The Court of Appeal recently gave judgment in Bradbury & Ors v Taylor & Anor  EWCA 1208 upholding a first instance decision in which the Defendants successfully established a claim for proprietary estoppel. The appeal did not involve any issue of law as regards proprietary estoppel, but challenged the application of the principles of the doctrine to the facts of the case.
Rather unusually, the first instance proceedings were brought by Mr Taylor, seeking a declaration that the Defendants had no beneficial interest in his property and that they were no more than licensees or tenants. The Defendants counterclaimed for a declaration that the property was held on trust for them. As Mr Taylor died before the case was heard his executors took over the claim on behalf of his estate. A witness statement made by Mr Taylor before he died was adduced in evidence at the hearing.
In August 2001 Mr Taylor's nephew Roger and his wife Denise moved from their Sheffield home to Mr Taylor's Cornish property where he had lived alone since his wife died in 1997. It was not disputed that Mr Taylor proposed that Roger and Denise should move from Sheffield to Cornwall and share the house with him and that they agreed to do so. The issue in the proceedings was the basis upon which Roger and Denise made that move and whether they were entitled to the property by virtue of the principles of proprietary estoppel.
The Judge found that there were representations (albeit not express) by Mr Taylor to Denise and to Roger (through Denise) that the property would be left to them if they moved into one half of the property with him occupying the other half. The Judge was satisfied that Mr Taylor was keen to have Roger and his family living in the house and that he knew that they realised that if they accepted his offer of living there it was on the basis that he would in due course leave the property to them on his death.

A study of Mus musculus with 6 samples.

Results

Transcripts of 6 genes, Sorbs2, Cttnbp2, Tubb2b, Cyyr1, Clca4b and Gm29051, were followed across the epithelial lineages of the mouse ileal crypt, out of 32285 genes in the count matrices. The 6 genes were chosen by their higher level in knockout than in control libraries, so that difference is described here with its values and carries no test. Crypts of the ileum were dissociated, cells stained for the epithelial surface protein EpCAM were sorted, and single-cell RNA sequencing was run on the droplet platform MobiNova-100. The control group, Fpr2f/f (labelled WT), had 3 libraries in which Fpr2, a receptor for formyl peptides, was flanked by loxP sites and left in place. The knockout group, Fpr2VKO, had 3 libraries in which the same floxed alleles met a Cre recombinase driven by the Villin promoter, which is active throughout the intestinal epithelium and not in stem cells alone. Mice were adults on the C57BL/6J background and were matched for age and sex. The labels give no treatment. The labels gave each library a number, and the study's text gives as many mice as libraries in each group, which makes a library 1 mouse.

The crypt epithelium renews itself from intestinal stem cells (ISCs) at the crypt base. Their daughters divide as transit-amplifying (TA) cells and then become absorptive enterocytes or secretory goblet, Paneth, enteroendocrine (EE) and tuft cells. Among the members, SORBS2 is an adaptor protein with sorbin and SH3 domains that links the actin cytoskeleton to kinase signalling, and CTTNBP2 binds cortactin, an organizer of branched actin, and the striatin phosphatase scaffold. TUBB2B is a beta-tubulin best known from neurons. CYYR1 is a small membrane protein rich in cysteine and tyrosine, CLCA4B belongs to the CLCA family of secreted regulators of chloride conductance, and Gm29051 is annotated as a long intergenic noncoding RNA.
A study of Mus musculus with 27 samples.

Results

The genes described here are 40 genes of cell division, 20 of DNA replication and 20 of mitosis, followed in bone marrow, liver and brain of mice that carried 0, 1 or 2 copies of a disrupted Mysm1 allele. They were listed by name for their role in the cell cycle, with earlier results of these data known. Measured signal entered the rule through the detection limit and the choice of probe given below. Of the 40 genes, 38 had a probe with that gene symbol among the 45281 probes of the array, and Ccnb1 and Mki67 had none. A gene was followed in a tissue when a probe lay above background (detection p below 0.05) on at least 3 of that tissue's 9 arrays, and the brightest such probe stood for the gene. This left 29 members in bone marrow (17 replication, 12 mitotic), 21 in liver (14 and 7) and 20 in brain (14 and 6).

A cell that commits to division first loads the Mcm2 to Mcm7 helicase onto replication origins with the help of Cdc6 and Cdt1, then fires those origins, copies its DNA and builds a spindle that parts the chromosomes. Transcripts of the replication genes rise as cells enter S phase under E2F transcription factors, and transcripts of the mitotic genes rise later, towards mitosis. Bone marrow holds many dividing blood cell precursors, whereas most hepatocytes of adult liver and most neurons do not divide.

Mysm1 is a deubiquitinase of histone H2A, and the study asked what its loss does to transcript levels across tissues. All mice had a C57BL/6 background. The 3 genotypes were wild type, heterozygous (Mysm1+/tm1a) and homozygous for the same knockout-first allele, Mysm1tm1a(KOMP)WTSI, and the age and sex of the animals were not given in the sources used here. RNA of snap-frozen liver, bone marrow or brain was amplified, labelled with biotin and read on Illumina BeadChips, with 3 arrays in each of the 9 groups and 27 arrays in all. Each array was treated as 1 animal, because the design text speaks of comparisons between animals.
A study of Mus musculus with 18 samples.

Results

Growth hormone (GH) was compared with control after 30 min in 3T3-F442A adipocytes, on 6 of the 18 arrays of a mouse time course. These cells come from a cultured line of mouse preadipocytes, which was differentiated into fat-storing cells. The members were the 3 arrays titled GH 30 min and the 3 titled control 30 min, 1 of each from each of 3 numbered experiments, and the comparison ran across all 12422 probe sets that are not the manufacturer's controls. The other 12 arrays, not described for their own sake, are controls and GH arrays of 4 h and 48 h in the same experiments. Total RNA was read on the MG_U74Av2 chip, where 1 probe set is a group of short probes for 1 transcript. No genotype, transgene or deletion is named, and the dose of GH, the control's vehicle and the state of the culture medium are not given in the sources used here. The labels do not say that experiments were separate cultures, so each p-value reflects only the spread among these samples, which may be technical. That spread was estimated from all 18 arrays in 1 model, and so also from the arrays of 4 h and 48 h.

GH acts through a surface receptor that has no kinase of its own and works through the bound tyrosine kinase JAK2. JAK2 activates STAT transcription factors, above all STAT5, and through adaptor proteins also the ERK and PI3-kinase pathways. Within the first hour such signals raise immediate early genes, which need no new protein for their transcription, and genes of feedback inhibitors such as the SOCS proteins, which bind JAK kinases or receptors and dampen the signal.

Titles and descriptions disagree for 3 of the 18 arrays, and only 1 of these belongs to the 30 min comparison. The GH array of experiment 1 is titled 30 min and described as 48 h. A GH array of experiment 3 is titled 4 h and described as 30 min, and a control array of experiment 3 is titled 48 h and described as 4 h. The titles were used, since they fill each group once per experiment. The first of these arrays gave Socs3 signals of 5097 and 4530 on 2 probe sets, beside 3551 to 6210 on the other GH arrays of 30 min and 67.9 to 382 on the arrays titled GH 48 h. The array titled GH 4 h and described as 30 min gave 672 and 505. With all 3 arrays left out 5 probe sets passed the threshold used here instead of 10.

The move amounted to detrimental reliance even though it resulted in substantial benefits for Roger and his family. The contribution made by Roger and Denise to Mr Taylor's care was an aspect of detrimental reliance as was the work done and expenditure incurred by Roger on the property (even though Roger and his family were beneficiaries of much of that work in terms of immediate use of the property).
The Judge was satisfied that there was a non-contractual bargain, or family arrangement, involving give and take on both sides and that evaluating the various benefits and detriments suffered would be artificial. The arrangement was acted on by both sides for a number of years and both sides derived significant benefits from it. This was the type of case where the expected benefit and detriment were in an imprecise way equivalent (or not obviously disproportionate) and therefore Roger and Denise were entitled to receive the property absolutely subject to bearing the inheritance tax attributable to its value.
Mr Taylor's executors appealed. In dismissing the appeal Lord Justice Lloyd said it was clear that Mr Taylor knew that Roger favoured the idea of moving and that Denise did not so Mr Taylor knew it was she who needed to be persuaded. Equally he must have realised that what he said to her would be discussed with Roger so the allegation that there had been no promise to Roger was without substance. Since the family would move (or not) as a whole, any representation to either of the adults would amount to a representation to both of them. Despite the appeal's discussed, it is perhaps noteworthy that requiring Roger and Denise to bear the inheritance tax reduced the value of the award to them and might be said to reduce it below what they might reasonably have expected.